Less than a month into 2017, integrators already have more than a few reasons to be optimistic about the new year.
Just for starters, CE Pro's 2017 State of the Industry research report is full of good news about rising consumer awareness, housing starts and home sales.
We're not the only optimistic ones. The Leading Indicator of Remodeling Activity (LIRA), released this week by the Remodeling Futures Program at the Joint Center for Housing Studies of Harvard University, projects that annual growth in home improvement and repair expenditures will remain elevated throughout 2017.
LIRA expects to see spending levels ending the year up 6.7 percent at $317 billion, on par with 6.9 percent growth estimated for 2016.
This sustained momentum could be attributed to several key economic changes: low unemployment, rising stock market, increasing home sales and rising equity. (Learn more in State of Industry report.)
“Growth in home prices is continuing at a healthy pace and encouraging homeowners to make remodeling investments,” says Chris Herbert, managing director of the Joint Center for Housing Studies. “Home sales are remaining on an upward trajectory, as well, and this coupled with continued growth in remodeling permit activity suggests another strong year for home improvements.”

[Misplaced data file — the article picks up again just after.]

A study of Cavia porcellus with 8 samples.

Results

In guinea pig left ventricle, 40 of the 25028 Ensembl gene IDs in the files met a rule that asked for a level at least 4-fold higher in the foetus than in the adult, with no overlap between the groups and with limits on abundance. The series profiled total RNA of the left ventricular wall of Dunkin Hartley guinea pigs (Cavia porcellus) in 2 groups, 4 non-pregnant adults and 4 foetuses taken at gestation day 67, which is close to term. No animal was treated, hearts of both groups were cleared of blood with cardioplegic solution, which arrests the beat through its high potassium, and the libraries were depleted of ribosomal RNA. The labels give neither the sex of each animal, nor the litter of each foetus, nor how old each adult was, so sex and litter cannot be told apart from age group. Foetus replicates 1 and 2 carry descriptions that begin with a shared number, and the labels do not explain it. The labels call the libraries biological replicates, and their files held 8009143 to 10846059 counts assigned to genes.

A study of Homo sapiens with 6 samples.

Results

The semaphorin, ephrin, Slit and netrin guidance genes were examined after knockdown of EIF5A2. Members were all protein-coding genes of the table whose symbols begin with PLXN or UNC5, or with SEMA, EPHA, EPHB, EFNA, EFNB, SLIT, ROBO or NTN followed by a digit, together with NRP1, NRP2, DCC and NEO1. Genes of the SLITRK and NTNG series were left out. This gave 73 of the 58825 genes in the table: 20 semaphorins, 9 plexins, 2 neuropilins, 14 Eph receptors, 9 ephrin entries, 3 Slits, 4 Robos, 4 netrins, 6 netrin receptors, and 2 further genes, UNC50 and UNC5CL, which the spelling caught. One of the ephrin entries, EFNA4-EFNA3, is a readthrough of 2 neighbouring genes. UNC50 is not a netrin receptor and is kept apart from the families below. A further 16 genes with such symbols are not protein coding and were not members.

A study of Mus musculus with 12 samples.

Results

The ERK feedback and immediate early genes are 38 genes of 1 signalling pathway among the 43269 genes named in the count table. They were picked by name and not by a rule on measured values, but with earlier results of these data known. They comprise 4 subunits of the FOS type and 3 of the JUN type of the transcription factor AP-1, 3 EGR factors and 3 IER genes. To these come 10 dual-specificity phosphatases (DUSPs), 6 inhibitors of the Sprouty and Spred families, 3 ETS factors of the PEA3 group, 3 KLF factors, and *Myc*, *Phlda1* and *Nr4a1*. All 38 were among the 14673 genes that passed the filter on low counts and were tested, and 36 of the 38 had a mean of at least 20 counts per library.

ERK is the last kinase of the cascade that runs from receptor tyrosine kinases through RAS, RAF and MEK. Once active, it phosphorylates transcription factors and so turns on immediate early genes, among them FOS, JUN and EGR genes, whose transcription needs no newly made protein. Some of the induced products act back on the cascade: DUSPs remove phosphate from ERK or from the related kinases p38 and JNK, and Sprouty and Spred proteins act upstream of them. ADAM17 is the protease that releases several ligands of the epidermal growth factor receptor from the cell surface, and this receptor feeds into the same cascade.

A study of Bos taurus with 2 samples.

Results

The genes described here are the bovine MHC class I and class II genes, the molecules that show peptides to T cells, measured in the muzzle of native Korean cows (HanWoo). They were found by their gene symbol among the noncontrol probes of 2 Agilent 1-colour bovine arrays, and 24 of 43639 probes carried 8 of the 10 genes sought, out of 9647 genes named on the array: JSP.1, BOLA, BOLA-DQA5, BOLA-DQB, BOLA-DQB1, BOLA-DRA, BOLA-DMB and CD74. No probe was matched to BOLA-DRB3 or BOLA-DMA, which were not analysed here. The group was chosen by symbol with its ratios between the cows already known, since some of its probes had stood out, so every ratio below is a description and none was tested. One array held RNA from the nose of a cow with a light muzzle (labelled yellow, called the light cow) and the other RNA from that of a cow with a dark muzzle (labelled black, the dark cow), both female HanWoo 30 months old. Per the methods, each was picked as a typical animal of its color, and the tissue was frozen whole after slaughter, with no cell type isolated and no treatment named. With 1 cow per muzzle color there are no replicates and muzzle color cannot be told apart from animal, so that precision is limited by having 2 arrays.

“Although above-average growth is expected this year, we’ve lowered our projection for market size somewhat with the recent release of new benchmark data from the American Housing Survey,” says Abbe Will, research analyst in the Remodeling Futures Program. “Spending in 2014 and 2015 was not quite as robust as our LIRA model estimated, growing 11.3 percent over these two years compared to 14.3 percent as estimated.”
The Joint Center for Housing Studies plans to release its latest report on the remodeling industry, Improving America’s Housing 2017: Remodeling for a New Generation, on February 28. It's already projecting that changing household demographics may support healthy growth in the industry over the coming decade as baby boomers age in place and Millennials move into homeownership.